Tricycles, Bicycles, and Scooters! Find The Perfect One For Your Child.

Alescia Ford-Lanza MS OTR/L, ATP

When kids are younger or just learning to manage the speed that comes with wheeled toys, tricycles are best to work on basic skills like safety, steering, and endurance. From Big Wheels-style to upright Radio Flyer trikes, there are tricycles that stay low to the ground for more reassurance or sit more upright to challenge your child’s balance and core strength. Choose a tricycle that matches their size, confidence, and skills because at this stage of riding you want to build on positive experiences. 

Beyond the traditional bicycle with training wheels, there are balance bikes that some feel is a better transition from tricycle to bicycle. No matter what your preference, choose a bicycle that is on the smaller side if your child struggles with balance or core strength. They will find it easier to steer, control, and feel reassured if their feet are closer to reaching the ground. If your child is not yet ready to graduate from training wheels, consider a tag-along bicycle that attaches to the back of an adult bicycle. This will allow your little one to benefit from the adult doing much of the legwork and balancing while they enjoy a longer bike ride, get used to weight shifting with turns, and gain confidence without training wheels. 

As your child builds their endurance with bicycle riding, try introducing a scooter. There are scooter options that allow your child more stability with three wheels and a wider base of support than your typical two-wheeled razor scooter. Scooters are a great way to work on improving coordination, as one side of their body is doing something different than the other! When your child gets good enough at controlling the scooter, pushing off one leg, and working the rear braking system, you can transition them to a two-wheeled scooter with more safety confidence.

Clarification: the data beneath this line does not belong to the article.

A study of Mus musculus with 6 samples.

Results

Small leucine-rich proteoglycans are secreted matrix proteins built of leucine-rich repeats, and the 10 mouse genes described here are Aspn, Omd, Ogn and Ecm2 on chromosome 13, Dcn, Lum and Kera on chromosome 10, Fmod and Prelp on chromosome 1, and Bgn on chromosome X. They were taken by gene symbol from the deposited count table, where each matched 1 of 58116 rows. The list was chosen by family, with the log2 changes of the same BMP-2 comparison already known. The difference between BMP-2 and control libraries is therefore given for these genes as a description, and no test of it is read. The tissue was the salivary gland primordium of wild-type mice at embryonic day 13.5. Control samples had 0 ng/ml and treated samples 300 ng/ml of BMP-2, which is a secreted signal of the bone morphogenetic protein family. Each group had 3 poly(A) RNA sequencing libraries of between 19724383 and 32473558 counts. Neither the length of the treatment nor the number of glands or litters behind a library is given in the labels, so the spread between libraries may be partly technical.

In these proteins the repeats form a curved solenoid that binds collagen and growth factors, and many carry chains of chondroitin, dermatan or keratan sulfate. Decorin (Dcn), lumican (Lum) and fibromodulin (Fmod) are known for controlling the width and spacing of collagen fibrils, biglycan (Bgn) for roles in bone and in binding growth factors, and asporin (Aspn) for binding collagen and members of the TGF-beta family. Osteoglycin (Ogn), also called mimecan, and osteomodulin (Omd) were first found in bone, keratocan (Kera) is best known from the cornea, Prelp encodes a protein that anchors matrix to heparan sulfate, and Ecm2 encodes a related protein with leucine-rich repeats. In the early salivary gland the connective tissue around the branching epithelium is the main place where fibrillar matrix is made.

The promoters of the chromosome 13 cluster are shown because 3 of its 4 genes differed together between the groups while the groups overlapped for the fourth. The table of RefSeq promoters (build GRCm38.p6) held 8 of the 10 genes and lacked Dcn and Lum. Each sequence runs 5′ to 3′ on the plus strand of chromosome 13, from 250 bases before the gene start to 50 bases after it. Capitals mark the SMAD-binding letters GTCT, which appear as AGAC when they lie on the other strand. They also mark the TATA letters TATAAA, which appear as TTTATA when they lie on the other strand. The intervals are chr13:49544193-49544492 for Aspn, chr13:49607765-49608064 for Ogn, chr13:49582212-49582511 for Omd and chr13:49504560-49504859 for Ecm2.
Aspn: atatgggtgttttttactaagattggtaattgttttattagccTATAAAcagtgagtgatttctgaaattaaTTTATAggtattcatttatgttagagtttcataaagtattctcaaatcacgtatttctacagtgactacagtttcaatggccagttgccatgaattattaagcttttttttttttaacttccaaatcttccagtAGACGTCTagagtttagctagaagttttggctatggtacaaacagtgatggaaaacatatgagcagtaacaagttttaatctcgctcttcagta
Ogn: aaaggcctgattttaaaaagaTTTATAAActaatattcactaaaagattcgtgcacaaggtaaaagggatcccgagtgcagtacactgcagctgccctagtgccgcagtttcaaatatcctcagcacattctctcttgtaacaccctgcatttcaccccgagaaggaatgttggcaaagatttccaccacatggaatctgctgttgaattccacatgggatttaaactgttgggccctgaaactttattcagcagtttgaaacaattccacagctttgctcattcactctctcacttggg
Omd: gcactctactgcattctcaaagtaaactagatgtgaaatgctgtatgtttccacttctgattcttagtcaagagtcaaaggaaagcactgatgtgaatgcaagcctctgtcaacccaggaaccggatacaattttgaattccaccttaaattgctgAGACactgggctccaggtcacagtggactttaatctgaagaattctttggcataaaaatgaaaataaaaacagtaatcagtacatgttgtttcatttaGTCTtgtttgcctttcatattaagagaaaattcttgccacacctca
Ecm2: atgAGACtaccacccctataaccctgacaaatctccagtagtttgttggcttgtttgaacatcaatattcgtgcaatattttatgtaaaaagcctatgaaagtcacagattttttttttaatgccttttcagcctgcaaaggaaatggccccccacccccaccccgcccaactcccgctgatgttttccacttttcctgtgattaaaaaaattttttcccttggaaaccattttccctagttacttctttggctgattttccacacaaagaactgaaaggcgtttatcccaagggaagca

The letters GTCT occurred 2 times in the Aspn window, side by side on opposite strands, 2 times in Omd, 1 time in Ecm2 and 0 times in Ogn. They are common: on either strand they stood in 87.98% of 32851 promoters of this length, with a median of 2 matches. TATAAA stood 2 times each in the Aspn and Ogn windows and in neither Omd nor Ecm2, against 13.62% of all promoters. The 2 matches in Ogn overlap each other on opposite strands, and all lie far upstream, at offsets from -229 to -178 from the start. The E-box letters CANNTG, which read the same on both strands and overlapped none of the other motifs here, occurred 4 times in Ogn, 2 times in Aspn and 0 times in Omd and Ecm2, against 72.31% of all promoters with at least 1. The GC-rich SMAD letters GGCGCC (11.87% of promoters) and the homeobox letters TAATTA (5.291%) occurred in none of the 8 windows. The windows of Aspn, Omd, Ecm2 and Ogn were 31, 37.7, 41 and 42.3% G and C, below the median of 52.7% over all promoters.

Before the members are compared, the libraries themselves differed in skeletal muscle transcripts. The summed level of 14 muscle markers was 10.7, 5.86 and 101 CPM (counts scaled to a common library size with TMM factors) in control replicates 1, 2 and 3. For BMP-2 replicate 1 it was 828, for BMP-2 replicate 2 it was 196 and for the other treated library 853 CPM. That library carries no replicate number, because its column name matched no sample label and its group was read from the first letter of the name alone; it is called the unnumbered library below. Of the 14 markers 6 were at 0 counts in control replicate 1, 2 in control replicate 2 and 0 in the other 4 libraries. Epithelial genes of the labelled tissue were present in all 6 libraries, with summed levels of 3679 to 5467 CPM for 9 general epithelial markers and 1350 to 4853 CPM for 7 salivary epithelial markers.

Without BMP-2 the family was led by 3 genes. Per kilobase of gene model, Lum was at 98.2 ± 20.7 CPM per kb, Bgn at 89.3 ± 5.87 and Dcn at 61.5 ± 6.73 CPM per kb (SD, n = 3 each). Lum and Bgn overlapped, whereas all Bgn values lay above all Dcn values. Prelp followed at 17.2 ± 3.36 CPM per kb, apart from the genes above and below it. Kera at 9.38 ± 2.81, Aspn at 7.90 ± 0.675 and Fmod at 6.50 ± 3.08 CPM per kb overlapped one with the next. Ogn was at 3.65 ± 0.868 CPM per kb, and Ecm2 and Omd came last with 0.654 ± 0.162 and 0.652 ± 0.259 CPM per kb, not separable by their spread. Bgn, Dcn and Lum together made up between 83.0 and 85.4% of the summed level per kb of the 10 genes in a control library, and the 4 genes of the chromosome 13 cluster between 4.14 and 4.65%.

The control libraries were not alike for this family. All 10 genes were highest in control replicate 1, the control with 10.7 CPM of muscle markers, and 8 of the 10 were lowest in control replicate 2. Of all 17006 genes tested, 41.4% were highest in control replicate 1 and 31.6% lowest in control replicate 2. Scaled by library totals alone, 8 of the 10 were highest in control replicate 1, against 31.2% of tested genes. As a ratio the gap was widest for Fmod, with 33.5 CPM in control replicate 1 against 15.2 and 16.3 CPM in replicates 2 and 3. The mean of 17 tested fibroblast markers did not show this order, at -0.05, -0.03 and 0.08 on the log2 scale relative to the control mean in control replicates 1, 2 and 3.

For older kids who need more stability, adapted bicycles or adult size tricycles are going to be what keeps them moving! Some tricycles offer more supported seating as well as the wider base of support that the three wheels allow for. 

No matter what you choose to get your kids wheeling around, know that these gross motor toys all provide opportunities for movement and challenge your child’s balance and coordination skills in a fun way! (But don't forget a helmet!)